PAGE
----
One lesson which some of my best teachers have managed to teach me is that patriotism is not so much about being proud of your nation as it is about identifying what makes it difficult for you to be proud of it and going about rectifying it.
I attended 2 awesome weddings in the last month or so. 2 weddings which were as unlike each other as chalk and cheese. One was in a quaint little town in MP and the other was in badass Bombay. One baraat was attended by the entire town, albeit from their rooftops and the other was attended by a few who managed to make it on time in the rush hour evening traffic. One was so noisy that many city-slicker friends of mine refused to walk too close to the band and instead stopped over for a sutta on the way and the other had to quieten down every time it went past a major govt office building in South Bombay. One had awesome food made by humble women and served fresh by their men and the other had the most awesome spread of vegetarian food made by the best caterer in town. One was a love marriage between long time college sweethearts and the other was an arranged marriage between two Gujju diamond trader families. The one thing common between the two was the greed on the band master's face as he went hard at his drum with every passing beat. With every 20 buck note wagged in front of his nose, he went on and on with all the strength his malnourished arms could muster. He would thrust his right breast pocket in front of you just so you would put a couple of those notes in his pocket. What is a few 20 buck notes for the diamond trader's son who carries millions worth of diamonds in his pockets and travels from Mumbai to Surat to save some duty? If you find money being thrown at women to make them dance vulgar, I dont know how just because the gender has changed it becomes any less vulgar.
Which brings me to the essential point. In our mad pursuit of that prophecy of becoming the next superpower, are we even conscious how many values, ideals and most importantly, people are just falling by the wayside?
We are waging so many battles on censorship which are basically battles on how we want to be perceived. So there is a Kapil Sibal-social media row, a Salman Rushdie-Jaipur Litfest row, a Top-Gear India row, a Hussain painting row which did not let him die on his homeland; and millions others that the likes of Shiv Sena fight on a daily basis. We as a nation have no sense of humour, no willingness to see another view. If a democracy has no space for multiple opinions then what differentiates us from China? And if nothing differentiates us from China then remember that our Tiananmen Square has still not happened. That civil unrest has never really consolidated into a proper threat yet. And that is something we are setting ourselves up for with this sort of climate.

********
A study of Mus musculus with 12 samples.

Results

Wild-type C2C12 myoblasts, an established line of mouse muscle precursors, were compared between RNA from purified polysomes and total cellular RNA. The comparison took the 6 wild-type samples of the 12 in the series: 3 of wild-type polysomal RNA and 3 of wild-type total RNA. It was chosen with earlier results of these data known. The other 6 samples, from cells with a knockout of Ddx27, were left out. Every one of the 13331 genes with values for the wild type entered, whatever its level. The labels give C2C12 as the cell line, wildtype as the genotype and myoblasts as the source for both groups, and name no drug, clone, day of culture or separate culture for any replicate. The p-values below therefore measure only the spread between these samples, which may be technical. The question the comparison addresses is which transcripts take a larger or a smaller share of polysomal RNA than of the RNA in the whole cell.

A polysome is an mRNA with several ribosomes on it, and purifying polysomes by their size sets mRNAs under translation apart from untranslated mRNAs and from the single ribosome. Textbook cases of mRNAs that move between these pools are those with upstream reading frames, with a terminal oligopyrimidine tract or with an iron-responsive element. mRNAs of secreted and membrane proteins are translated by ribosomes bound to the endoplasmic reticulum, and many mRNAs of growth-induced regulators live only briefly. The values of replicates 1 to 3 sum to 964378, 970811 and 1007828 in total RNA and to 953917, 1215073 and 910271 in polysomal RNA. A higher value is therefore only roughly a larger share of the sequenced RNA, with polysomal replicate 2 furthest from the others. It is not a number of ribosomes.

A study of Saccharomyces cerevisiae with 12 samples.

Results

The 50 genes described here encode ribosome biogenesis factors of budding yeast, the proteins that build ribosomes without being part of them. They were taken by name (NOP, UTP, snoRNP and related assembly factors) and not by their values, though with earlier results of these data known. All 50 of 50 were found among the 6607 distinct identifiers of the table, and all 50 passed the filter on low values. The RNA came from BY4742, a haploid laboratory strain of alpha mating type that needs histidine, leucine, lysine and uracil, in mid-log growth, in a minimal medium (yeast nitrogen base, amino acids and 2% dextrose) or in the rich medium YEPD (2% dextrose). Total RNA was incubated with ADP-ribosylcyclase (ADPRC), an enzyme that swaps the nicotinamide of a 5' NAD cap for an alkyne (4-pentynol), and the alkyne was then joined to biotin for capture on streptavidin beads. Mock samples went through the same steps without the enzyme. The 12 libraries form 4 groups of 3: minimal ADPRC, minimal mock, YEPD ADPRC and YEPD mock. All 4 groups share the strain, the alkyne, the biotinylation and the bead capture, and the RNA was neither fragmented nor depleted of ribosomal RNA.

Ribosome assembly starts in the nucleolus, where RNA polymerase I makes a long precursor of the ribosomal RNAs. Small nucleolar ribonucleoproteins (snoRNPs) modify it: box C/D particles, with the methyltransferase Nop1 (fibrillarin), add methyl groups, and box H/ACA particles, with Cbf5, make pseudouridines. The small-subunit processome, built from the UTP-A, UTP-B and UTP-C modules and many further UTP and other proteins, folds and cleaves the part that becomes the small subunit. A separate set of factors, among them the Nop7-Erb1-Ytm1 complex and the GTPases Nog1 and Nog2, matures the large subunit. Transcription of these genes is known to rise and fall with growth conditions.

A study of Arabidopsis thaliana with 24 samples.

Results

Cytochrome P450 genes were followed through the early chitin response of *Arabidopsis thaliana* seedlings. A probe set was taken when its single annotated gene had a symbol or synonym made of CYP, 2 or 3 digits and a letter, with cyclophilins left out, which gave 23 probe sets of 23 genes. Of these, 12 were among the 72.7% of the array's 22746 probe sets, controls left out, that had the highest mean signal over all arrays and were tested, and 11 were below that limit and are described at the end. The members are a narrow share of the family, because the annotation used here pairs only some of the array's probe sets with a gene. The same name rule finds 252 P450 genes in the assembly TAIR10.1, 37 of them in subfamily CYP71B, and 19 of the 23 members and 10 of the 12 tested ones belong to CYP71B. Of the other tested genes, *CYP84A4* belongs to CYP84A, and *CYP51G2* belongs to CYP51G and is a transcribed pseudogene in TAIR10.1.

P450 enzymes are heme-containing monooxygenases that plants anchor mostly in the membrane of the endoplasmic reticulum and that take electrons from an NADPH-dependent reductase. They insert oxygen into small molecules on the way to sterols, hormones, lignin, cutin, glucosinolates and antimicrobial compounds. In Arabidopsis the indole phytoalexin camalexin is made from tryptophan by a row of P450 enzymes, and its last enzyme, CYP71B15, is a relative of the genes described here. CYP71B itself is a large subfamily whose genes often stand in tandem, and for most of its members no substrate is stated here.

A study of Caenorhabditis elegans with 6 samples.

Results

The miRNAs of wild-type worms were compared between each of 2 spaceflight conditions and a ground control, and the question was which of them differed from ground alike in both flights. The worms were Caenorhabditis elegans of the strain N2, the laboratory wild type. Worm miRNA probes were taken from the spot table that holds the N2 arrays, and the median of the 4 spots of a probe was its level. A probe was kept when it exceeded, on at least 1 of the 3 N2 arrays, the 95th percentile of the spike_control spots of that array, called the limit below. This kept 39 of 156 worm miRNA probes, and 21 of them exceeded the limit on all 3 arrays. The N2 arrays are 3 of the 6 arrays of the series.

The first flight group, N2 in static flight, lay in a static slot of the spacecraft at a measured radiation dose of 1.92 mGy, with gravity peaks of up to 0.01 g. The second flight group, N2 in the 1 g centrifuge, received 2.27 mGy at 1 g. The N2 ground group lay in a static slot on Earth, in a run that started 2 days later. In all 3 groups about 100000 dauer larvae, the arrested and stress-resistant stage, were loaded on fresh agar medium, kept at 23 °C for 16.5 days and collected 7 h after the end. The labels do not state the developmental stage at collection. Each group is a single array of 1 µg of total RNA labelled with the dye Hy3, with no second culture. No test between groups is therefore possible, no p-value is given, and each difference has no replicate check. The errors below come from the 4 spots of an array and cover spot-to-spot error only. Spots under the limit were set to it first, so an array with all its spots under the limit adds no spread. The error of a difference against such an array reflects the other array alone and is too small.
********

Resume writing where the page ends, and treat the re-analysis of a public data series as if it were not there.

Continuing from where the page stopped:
I can imagine a show as harmless as Boston Legal can never be Indianised as it will raise in our middle class living rooms on a daily basis the caste issue, the sexuality issue, the Hindu-Muslim issue - now we dont want the "upwardly mobile, aspirational, nuvo riche" middle class questioning these things, do we? What sort of pathetic nation wouldnt even let a director/writer/painter put across his opinion without fearing for his life?
And we arent even done with building a nation yet and we are spending so much time building a perception? Lets first build a nation that works and then go about window-dressing it so that we look nice to ourselves and others.
So i am sure you have heard of how peasants in Maharashtra commit suicides unusually often. So on an unsually cold winter evening in Bombay, there we were chomping down with vigour on our Pav Bhaji on the most awesome Pav Bhaji place i know. The kind that i missed so much in Delhi that i spent an obscure amount at Kingdom of Dreams to just experience a semblance of that taste. But I digress! Being a rather slow evening as Bombay doesnt know what to do with so much cold just as Delhi doesnt know what to do with so many puddles, we got to talking with the stall-owner and he told us how the vegetable prices in the markets crash every year during this time. How the farmers always have a bumper crop this time of the year and there really isnt a good price they get as the supply far exceeds the demand with China stuff flooding the market. So imagine this family of farmers sitting in Vidarbha somewhere staring at a pile of ripe tomatoes in their field. (I could imagine in a Kissan ad, the farmers should suddenly start celebrating Tomatina fest with that pile, right?) Imagine them staring at them during the day and during the cold winter nights. "Winters in rural Vidarbha can be particularly cruel," the MTDC brochure says. "Temperatures can go down to even 5 degrees in the nights." Imagine the farmer's son peering at the pile of tomatoes thinking surely those should be worth something. Surely they could get him rotis and rice and onions and potatoes. He doesnt even know people who eat chicken are also people like him. Instead he is shivering on this sleepless night as tonight its his sister's turn to use the single rag of a blanket the family owns. Now imagine the farmer looking at his son's quizzical eyes. Wouldnt it be easier to die than to give him false hope? Wouldnt we all do the easier thing if we had the choice? How many ever social media companies Kapil Sibal sues, he still wont change that kid's perception of the pile of tomatoes.
And then we say we should kill those bloody Maoists. Hehe, we are funny!